Amazon suspends sales of some hoverboard models after reports of fire

A stall owner performing tricks on a Power Board, a type of hoverboard he sells during Black Friday in Austin, Texas.
A stall owner performing tricks on a Power Board, a type of hoverboard he sells during Black Friday in Austin, Texas. PHOTO: NEW YORK TIMES
Shoppers view a sales person on a hover board at the Lenox Square Mall in Atlanta, Georgia, USA.
Shoppers view a sales person on a hover board at the Lenox Square Mall in Atlanta, Georgia, USA.PHOTO: EPA

Online retail giant Amazon has suspended sales of most hoverboard models on its Britain and United States websites, amid reports of the two-wheeled scooter bursting into flames.

Major seller of hoverboards, Swagway, said Amazon has started questioning makers about their safety standards.

According to reports, hoverboards from other sellers, including IO Hawk and PhunkeeDuck, have also been removed from Amazon.

The move comes after reports of a series of explosions, fires and injuries linked to the self-balancing, two-wheeled scooter that is gaining popularity around the world. The incidents involved hoverboard models of various brands.

In Singapore, hoverboards can be bought online or from resellers.

At least 11 reports of "hoverboard" fires in 10 US states are being investigated by a federal agency, said CNN Money.

"We consider this a priority investigation," Ms Patty Davis, a spokesman for the US Consumer Product Safety Commission, told CNN Money. "This is a popular holiday item and it's going to be in a lot of consumers' homes, and we'd like to quickly get to the bottom of why some hoverboards catch fire," she said.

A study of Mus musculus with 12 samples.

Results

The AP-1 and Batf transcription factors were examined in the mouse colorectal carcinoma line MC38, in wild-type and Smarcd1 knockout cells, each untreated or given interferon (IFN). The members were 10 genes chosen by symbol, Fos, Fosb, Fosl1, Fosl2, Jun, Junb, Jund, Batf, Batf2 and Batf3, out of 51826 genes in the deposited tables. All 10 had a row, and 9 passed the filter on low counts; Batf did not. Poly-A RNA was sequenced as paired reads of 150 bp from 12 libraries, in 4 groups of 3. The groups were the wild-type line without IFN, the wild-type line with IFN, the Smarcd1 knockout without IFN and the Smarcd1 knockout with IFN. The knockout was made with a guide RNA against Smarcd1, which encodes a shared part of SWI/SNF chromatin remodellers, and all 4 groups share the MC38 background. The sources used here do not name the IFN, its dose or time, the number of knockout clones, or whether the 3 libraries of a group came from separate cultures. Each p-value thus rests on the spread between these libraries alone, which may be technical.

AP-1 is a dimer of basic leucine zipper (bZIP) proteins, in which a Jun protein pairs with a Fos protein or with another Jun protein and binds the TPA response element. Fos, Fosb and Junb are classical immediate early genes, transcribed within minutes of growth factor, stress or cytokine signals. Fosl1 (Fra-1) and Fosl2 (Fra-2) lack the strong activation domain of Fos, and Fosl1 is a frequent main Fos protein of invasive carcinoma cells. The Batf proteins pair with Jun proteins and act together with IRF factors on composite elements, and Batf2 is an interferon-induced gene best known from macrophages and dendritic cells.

According to the US Customs and Border Protection, the fires are possibly caused by substandard and counterfeit batteries used in some hoverboards.

The agency said it had seized 164 hoverboards with fake batteries or other counterfeit marks so far.

"They don't all look the same inside," said US Consumer Product Safety Commission chairman Elliot F. Kaye. "It looks like there might be overcharging, too many batteries stacked together in ways that lithium-ion batteries are not meant to be stacked."

Hoverboards are unregulated, which means that several companies are using different manufacturing techniques in order to make a generic model. This helps those companies avoid any intellectual property inquiries as they are shipped overseas to US consumers, Mr Kaye said.

Chinese companies manufacturing and selling budget models on eBay and elsewhere are a particular area of concern, said Mr Kaye.

"I think my hope would be it would at least allow us to feel like we discovered the universe of these products," he said. "On the back end, certainly we would want to work with the Chinese government."

Mr Jay Whitacre, a professor of materials science and engineering at Carnegie Mellon University, told Wired that "there is no way to tell when buying, since the catastrophic failure likely will not manifest until the battery is fully charged and discharged several times".

"This charging/discharging mechanically exercises the guts of the cell and typically provides the ultimate trigger for the failure," he added.

In a press statement to The Verge, Swagway's spokesman advises consumers to only purchase hoverboards from authorised retailers as an added precaution.

The US National Association of Fire Marshals recommends that consumers keep on eye on the devices while they charge, and that they should let the devices cool off before recharging them.